Session Type: ACR/ARP Abstract Session
Session Time: 4:30PM-6:00PM
Background/Purpose: Knee osteoarthritis (OA) is a leading cause of chronic pain in older adults. Physical therapy (PT) decreases OA pain and consequently may reduce burden of opioid use in this population. The purpose of this study was to investigate the associations of type, dose, and timing of PT with utilization of opioids following PT in individuals with incident knee OA who had used opioids in the past or were opioid naïve, using data from a large claims database.
Methods: We conducted a cohort study using 2000-2014 data from the OptumLabs® Data Warehouse (OLDW), a longitudinal, real-world dataset with de-identified administrative claims and electronic health record (EHR) data. We included adults between the ages of 40-89, who after ≥ 6 months of claims data, had a knee OA diagnosis using ICD9 codes, the date of which we defined as the index date. We excluded individuals with OA-related surgeries, knee injuries, PT, cancer, or rheumatoid arthritis within 6 months prior to index date. Only persons who received PT within 12 months of the index date and who had at least 1 year of follow-up after the first PT episode of care were included. The first PT episode of care was considered to start with an initial PT evaluation followed by at least one treatment session, and was considered to end if there was a 4-week period with no PT claim or if a second evaluation was recorded. We studied several PT exposures including dose (number of sessions), timing and active versus passive modality (Table 1). The outcome was any opioid use in the 12 months after the end of the PT episode of care. Opioid use was defined as at least 2 filled prescriptions of opioids commonly used for musculoskeletal pain. Combinations of opioids with medications commonly used for cough, nasal congestion, and headache were excluded. We conducted the analyses in individuals who had used opioids prior to PT (“opioid experienced”) and those who had not used opioids prior to PT (“opioid naïve”). Covariates included age, hyperlipidemia, diabetes, and overweight/obesity. Adjusted odds (aOR) of receiving opioids were assessed (Table 1) using logistic regression.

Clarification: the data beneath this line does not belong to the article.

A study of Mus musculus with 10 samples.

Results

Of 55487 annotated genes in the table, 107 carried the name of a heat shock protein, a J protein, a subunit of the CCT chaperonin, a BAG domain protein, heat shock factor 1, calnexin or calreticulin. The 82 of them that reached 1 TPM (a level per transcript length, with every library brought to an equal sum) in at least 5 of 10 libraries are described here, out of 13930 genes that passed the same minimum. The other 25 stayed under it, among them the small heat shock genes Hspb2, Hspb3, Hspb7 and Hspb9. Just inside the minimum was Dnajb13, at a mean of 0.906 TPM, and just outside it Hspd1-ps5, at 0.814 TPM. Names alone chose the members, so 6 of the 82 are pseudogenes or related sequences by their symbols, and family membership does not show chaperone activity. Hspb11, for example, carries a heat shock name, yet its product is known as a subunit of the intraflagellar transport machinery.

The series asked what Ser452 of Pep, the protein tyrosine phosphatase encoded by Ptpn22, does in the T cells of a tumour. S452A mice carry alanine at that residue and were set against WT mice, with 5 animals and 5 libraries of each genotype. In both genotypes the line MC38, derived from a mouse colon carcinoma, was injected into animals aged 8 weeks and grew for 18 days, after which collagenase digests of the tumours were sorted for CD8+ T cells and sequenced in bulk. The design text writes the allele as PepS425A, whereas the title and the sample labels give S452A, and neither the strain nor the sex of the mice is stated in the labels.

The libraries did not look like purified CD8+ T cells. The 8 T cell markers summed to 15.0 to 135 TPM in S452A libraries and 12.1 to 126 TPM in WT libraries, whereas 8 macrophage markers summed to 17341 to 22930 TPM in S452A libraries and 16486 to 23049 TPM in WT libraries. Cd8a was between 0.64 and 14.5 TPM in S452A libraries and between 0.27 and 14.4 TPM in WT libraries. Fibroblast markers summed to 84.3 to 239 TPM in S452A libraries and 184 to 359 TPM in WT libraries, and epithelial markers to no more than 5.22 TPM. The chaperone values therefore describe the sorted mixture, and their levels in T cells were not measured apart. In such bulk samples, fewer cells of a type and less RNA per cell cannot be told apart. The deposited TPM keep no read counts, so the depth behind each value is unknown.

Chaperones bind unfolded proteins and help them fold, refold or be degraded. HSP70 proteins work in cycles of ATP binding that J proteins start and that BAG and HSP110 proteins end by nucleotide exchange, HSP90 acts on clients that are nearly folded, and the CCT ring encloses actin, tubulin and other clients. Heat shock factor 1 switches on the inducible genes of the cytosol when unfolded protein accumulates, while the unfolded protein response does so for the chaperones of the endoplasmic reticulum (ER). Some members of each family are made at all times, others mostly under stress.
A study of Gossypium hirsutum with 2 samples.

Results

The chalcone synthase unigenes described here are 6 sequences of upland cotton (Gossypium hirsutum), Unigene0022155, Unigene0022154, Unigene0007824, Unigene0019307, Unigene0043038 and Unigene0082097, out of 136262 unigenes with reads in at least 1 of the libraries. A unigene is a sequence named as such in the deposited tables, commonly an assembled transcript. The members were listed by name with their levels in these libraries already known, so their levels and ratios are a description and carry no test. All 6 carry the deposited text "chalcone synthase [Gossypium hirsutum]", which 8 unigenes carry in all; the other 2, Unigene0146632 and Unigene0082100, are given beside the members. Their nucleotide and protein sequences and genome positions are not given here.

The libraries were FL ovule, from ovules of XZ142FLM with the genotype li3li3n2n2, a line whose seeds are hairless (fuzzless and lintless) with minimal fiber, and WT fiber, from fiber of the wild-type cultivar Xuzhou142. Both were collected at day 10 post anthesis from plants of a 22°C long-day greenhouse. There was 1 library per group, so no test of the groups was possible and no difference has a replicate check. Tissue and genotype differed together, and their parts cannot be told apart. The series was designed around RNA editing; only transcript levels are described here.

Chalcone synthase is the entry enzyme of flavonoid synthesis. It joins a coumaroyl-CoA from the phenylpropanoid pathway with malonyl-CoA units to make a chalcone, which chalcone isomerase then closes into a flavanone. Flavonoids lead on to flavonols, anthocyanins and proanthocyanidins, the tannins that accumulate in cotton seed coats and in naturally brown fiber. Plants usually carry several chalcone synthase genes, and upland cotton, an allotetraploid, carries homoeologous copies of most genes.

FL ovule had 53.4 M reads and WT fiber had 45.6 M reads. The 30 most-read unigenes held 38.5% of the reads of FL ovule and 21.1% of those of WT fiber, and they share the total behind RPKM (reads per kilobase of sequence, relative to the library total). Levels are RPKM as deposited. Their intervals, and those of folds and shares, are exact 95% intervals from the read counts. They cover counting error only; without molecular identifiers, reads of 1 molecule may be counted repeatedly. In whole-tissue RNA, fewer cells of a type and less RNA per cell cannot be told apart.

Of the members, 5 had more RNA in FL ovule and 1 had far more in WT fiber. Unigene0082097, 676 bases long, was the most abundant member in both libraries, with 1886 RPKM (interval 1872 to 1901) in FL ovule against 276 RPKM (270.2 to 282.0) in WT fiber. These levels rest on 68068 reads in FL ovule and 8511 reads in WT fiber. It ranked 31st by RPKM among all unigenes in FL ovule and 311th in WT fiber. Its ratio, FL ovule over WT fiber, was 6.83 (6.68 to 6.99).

Results: We included 32,324 opioid experienced (age=60.9±10.3 years; 61.5% female) and 39,302 opioid naïve individuals (age=62.6±11.2 years; 66.0% female) (Table 2). Among both opioid experienced and opioid naïve individuals, more than 5 sessions of PT and early PT after knee OA diagnosis (vs. > 6 months) were associated with reduced odds of opioid use (Table 2, Figure 1). Among opioid naïve individuals, receiving PT >3 months after diagnosis vs. earlier was related with increase odds of opioid use (Table 2, Figure 1). Receiving active PT (vs. passive PT) was associated with reduced odds of further opioid use in opioid experienced individuals but not in the opioid naïve group (Table 2, Figure 1).
Conclusion: PT provided earlier after OA diagnosis, more than 5 sessions of PT, and use of active PT interventions may reduce opioid use in people with knee OA. These results provide guidance on optimal dosage, timing, and type of PT interventions that might be effective at reducing opioid use in this population.
To cite this abstract in AMA style:Kumar D, Peloquin C, Stokes A, Marinko L, Camarinos J, Felson D, Dubreuil M. Physical Therapy and Opioid Use in Knee Osteoarthritis [abstract]. Arthritis Rheumatol. 2019; 71 (suppl 10). https://acrabstracts.org/abstract/physical-therapy-and-opioid-use-in-knee-osteoarthritis/. Accessed June 6, 2020.